Economic Survey 2016-17 Volume 2, laid in the Parliament on Friday stated that that the goods and services tax (GST) was complex while enumerating its ‘hidden benefits’ on the economy as a whole. It stated that it would be a difficult task for the GST Council to make it sure that sectors currently outside the ambit of the new indirect tax regime are brought in for a better GST.
Based on survey reports, it said that it was inaccurate to compare current GST with an ideal GST, and it should be compared with the previous system of taxation. However, when comparing to the old tax regime, now there is uniformity and considerably less complexity to the tax system under the GST, it said.
Although the survey said that taxpayers dealing in goods were less burdened under GST, it admitted that the compliance burden for service providers will increase substantially as they would be required to register in every state of business unlike a central registration earlier. “States were nearly unanimous in insisting for multiple registration as a way to ensure that they receive their due share of revenues,” the survey said on the decision of the council.”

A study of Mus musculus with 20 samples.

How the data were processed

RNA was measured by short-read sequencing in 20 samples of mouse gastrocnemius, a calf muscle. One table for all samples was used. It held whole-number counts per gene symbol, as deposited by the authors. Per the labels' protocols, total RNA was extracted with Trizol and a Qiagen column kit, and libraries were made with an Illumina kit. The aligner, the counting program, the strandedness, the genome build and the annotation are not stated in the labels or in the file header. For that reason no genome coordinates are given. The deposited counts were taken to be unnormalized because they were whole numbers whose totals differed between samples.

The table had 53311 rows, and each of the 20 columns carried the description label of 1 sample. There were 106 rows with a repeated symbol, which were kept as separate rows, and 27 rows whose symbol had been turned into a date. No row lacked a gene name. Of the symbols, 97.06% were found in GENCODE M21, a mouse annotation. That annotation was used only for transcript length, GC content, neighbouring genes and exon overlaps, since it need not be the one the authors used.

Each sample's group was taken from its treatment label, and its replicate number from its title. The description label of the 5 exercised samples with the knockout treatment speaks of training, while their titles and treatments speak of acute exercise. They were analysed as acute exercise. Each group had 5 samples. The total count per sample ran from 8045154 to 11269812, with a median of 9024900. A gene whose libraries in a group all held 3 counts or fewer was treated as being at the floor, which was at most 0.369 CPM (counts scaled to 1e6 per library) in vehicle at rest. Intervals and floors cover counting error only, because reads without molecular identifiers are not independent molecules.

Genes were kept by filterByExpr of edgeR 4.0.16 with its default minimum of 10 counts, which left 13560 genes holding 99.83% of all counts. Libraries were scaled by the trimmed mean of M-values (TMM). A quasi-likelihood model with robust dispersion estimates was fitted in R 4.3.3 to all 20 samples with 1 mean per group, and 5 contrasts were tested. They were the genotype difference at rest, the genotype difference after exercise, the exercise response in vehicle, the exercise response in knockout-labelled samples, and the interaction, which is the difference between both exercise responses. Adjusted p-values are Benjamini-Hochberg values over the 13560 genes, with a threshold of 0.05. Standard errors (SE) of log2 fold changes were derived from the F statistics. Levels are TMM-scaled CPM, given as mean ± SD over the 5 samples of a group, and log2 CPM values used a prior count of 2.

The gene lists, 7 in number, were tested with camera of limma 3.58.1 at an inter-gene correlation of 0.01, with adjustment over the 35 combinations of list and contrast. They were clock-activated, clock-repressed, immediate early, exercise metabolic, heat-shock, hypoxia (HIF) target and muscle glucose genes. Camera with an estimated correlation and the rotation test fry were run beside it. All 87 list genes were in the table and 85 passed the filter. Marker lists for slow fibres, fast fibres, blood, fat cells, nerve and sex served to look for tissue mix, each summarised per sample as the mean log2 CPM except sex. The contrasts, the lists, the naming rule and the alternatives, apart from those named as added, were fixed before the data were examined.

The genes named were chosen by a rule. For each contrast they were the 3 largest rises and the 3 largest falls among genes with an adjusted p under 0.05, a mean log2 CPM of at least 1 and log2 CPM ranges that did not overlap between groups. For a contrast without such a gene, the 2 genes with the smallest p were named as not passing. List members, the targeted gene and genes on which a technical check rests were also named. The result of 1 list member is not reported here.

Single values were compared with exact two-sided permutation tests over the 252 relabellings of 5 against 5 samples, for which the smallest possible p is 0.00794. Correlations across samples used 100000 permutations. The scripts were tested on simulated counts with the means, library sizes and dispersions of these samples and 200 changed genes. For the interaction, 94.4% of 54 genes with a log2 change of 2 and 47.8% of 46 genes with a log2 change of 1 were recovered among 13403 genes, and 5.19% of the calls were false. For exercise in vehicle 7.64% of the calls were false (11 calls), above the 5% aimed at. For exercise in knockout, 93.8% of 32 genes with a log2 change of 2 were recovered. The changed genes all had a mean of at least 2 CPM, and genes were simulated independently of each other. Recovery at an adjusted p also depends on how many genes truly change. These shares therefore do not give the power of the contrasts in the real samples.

It noted that a higher exemption ceiling of Rs 20 lakh annual revenue and composition scheme would be beneficial to small traders. “As a result, out of about 87 lakh agents that were previously in the tax net (states VAT, central excise and service tax) about 70 lakh remain in the GST net. A significant number of small traders with turnover less than 20 lakh may have opted out,” it said.
Among the hidden benefits of GST, the survey said bringing the entire textile sector and works contracts under the tax net meant that previously partially-taxed sectors — fabrics and real estate — would be formalised leading to transparency and prevent evasion. “The formalisation will occur because builders will need documentation of these input (cement and steel) purchases to claim tax credit,” it said.
Further, GST will remove gaps in the duty structure on imports leading to effective taxation. For example, the SAD was levied at 4%, even though the standard VAT was 12.5% in most states; while in principle firms that paid VAT on inputs could reclaim the tax, in practice there were difficulties getting the tax credits, the survey said and added it would now be rectified.
Additionally, the survey listed benefits such as expansion of tax base — with nearly 12 lakh new registrations till August 5 — more efficient transportation with removal of check-posts at state borders and possible increase in direct tax collections with the availability of common set of data on taxpayers to both states and centre.